Toronto Maple Leafs' Jake Gardiner Is Making His Case for Roster Spot

Jack HilbrichContributor IISeptember 24, 2011

PHILADELPHIA, PA - SEPTEMBER 21: Jake Gardiner #51 of the Toronto Maple Leafs skates against the Philadelphia Flyers at the Wells Fargo Center on September 21, 2011 in Philadelphia, Pennsylvania. The Maple Leafs defeated the Flyers 4-2.  (Photo by Bruce Bennett/Getty Images)
Bruce Bennett/Getty Images

The Toronto Maple Leafs coaching staff has some tough decisions to make. Jake Gardiner is proving he is capable of stepping into the National Hockey League.

On a team that has essentially eight capable NHLers on its roster, the battle for roster spots was going to be a tough one. Throughout this preseason Toronto has iced varying groups of defenders.

Dion Phaneuf, Luke Schenn, John-Michael Liles, Cody Franson, Carl Gunnarsson, Mike Komisarek, Keith Aulie and Jake Gardiner have all been demonstrating why they belong. The projected pairings by Leaf fans, for the most part, have been:




It seems that there is a battle for the sixth and final playing spot, with Gunnar, Komi and Gards all vying for the position.

Burke has always said that once a prospect has proven he can step into the NHL, it is management's duty to make room for that player. Jake Gardiner has proven he is ready to make the jump. Now, there are a couple ways in which Toronto could accomplish this for the opening night roster.

Komisarek and Gunnarsson have become expendable. They no longer fit into the Leafs' defensive core. One will most likely serve as the seventh defender. Both of these players have come into camp making a case for themselves, and both have played some improved hockey. But both also lack something that simply cannot be taught—versatility in skill set, and Jake Gardiner's is a rarity within the NHL.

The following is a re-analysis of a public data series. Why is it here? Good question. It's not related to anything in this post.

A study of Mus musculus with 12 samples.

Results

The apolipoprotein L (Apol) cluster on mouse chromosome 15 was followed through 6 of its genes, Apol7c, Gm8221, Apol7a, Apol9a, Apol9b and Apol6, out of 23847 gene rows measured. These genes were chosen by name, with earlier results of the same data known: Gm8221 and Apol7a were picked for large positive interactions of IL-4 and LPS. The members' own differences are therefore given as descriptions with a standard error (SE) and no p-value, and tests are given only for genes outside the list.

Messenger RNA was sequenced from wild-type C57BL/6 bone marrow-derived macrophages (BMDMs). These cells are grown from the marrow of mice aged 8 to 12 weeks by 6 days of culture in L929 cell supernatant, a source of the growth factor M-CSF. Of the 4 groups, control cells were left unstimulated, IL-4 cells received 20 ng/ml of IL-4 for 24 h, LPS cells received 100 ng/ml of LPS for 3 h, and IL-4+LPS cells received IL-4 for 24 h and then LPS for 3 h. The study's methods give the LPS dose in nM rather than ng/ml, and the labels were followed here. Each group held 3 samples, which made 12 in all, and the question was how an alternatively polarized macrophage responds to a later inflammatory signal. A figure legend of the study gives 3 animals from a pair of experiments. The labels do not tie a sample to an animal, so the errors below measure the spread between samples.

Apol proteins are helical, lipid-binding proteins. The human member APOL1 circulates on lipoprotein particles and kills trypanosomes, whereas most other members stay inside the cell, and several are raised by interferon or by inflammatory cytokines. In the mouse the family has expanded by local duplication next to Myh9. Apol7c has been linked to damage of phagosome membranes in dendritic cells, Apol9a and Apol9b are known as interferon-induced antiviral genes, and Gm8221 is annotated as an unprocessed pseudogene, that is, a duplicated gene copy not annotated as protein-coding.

The problem in moving these players so that Gardiner would be able to dress on opening night is in trading them, since they both have one-way contracts. But, at the same time, in order to showcase both the players as trade bait, they also need to play.

Keith Aulie is the only defender on a two-way contract other than Gardiner. If Brian Burke wants to showcase Komisarek or Gunnarsson, and have Jake Gardiner in the lineup, Keith Aulie has to be sent down until one of these players can be moved.




These pairings will bolster a pairing with impressive offensive potential in Liles and Gardiner. Being a liability on defense is a result of poor team play, and this pairing would need diligent coverage on the back end, while also showing good judgement and sound decision-making as offensive defensemen.

The depth on defense is something to get excited about. It presents the opportunity to dress a more versatile group that can adapt to injury and also presents the opportunity to bring in more assets through trade.

The timing on a move like this is anyone's guess. But Jake Gardiner's play may speed up the process.